Fine Farm Toys: Arcade Threshers

Colorful threshers made by Arcade Manufacturing Co. were popular farm toys.

| July 2005

  • FrontCover1925ArcadeCatalog.jpg
    The front cover of the 1925 Arcade catalog, in which the McCormick-Deering gray Arcade thresher was shown for the first time. The difference in sizes among the four smaller, colored McCormick-Deering threshers in the front, compared to the gray and red-trimmed one in the back, is clear.
  • The1940Catalog.jpg
    Left: The 1940 catalog shows only the older gray version, but advertises both the No. 450 and 451. Center: The first mention of the Arcade McCormick-Deering thresher was in this 1925 ad. Note the toy’s beautiful colors. Right: This catalog page from 1936 shows what a good product the McCormick-Deering threshers were for Arcade, as the small ones were still shown, and continued to sell.
  • CatalogPage-1.jpg
    The two sizes of Arcade McCormick-Deering threshers were presented on the same page as the now rare Arcade cream separator.
  • CatalogPage.jpg
    In this 1929 catalog page, both sizes of threshers were shown.
  • ArcadiansBooklet.jpg
    The company’s “Arcadians” booklet shows the Arcade gray McCormick-Deering thresher at the top of this page.
  • CatalogPage-2.jpg
    This well-used Arcade thresher clearly provided many hours of happiness for some child.

  • FrontCover1925ArcadeCatalog.jpg
  • The1940Catalog.jpg
  • CatalogPage-1.jpg
  • CatalogPage.jpg
  • ArcadiansBooklet.jpg
  • CatalogPage-2.jpg

When the "Weekender" section of the Freeport (Ill.) Journal-Standard newspaper reported the history of its hometown Arcade Manufacturing Co. in 1982, the writer did not mention Arcade threshers. "Some of the toy favorites," the article noted, "were toy tractors, plows, buses, automobiles, trucks …" but nary a word about the threshers. It was an unfortunate omission, because anyone who loves cast iron farm toys has a warm spot in his or her heart for Arcade's series of five threshers.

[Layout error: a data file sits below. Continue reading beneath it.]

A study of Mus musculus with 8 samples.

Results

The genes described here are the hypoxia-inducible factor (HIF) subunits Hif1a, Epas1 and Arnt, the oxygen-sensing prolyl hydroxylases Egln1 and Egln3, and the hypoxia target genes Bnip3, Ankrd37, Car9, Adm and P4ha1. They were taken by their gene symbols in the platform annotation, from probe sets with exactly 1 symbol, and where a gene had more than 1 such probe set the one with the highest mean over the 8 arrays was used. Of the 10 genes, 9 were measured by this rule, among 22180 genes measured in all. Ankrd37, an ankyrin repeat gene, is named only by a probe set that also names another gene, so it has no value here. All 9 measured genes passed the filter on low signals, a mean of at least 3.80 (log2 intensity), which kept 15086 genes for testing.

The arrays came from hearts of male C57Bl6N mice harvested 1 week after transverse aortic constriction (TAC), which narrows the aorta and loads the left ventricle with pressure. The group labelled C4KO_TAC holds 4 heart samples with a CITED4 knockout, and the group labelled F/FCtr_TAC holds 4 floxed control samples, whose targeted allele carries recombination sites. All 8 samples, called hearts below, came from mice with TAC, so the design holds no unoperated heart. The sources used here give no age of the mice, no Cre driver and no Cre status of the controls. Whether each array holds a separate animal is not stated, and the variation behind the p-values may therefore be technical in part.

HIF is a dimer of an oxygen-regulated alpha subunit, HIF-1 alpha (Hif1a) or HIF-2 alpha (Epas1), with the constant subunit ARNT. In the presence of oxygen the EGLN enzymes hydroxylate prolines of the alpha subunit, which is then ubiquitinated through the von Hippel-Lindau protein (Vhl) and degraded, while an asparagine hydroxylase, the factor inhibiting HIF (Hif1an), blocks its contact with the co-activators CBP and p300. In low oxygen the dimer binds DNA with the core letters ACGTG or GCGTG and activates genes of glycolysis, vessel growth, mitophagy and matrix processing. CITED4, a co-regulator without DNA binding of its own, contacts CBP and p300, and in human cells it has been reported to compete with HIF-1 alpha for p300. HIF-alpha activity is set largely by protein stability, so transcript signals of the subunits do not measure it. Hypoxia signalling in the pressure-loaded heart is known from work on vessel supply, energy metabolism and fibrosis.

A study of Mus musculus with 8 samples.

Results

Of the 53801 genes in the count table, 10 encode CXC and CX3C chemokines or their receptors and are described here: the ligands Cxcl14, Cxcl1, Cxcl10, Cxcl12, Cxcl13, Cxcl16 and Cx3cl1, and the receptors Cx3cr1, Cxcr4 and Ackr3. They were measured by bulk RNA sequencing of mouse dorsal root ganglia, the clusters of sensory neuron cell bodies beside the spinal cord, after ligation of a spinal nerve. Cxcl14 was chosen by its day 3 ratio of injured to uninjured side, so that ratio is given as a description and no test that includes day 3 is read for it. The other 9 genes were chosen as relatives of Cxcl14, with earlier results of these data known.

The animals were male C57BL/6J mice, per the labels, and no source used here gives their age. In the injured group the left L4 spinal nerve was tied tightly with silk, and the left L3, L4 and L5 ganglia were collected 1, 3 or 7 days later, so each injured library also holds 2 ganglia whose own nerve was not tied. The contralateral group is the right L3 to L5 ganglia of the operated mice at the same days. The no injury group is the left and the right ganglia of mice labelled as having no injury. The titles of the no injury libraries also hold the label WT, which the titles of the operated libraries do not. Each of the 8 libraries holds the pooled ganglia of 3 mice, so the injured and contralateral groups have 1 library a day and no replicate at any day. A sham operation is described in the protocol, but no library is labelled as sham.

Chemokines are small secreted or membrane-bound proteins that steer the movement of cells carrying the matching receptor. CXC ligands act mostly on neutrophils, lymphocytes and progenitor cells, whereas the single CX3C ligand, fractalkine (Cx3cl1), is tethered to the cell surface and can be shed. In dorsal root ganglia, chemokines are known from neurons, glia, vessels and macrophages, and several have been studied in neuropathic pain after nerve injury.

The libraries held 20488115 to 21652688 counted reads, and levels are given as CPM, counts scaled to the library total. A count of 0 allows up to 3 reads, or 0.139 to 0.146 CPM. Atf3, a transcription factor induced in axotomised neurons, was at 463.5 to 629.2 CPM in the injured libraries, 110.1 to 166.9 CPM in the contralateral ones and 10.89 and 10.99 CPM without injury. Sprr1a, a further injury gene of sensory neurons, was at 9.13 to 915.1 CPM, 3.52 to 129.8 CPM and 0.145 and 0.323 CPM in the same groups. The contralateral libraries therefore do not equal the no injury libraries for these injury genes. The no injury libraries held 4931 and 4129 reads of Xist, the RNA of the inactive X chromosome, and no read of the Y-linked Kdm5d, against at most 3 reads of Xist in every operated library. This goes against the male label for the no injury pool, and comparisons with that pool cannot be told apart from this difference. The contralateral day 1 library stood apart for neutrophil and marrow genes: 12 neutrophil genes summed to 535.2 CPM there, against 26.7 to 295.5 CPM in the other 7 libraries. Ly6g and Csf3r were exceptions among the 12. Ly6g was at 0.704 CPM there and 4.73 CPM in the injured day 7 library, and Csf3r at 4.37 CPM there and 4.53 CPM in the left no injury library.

The company started making farm toys in 1922, when it debuted its Fordson tractor. Other farm toys followed, but it wasn't until 1925 that Arcade started making threshers. That year one of the company's full-page advertisements showed a few of its bestsellers - the Yellow Cab, Buick Coupe and McCormick-Deering Weber Wagon, as well as front and back views of the "sturdily made … and very realistic in appearance … toy McCormick-Deering thresher." According to the ad, the new gray-with-red-trim toy "includes many appealing toy features. The feeder may be raised or folded back when not in use. The stacker, or blower, can be turned to any angle and lengthened or shortened as desired. The grain conveyor is movable and the various pulleys revolve." This thresher measured 12 inches long, 3 3/4 inches wide, and 4 1/2 inches high. With the feeder extended, the toy was 18 inches long.

The 1925 catalog information, as might be suspected, speaks very highly of this new toy: "To see this toy is to appreciate the remarkable ingenuity and skill required in its design. Sturdily made of cast iron, and finished in gray, trimmed in red. Wheels are finished in an attractive cream color …," although they actually look more yellow in the colored page of the catalog.

A case of a dozen threshers weighed 51 pounds, net 43 pounds, and measured 22 1/4 by 16 1/2 by 10 1/2 inches. The gray McCormick-Deering thresher is roughly 1/16-scale.



Ray Lacktorin, Stillwater, Minn., who has collected cast iron farm toys for many years, says the Arcade threshers are some of his favorites. "Arcade made wonderful McCormick-Deering farm toys," he recalls. "All their threshers, all of their tractors, they're great. Arcade really copied the real thing well." He notes that the feeder would break off if the toy was dropped, so toy owners had to be careful.

Ray liked the Arcade toys so well that when he built a new house in 1966, he had a ledge built in his basement where he displays Arcade toys he bought at auction, including the Arcade McCormick-Deering thresher, which he bought for $26, a price friends then thought was ridiculous. Today this toy can sell in the $500 range.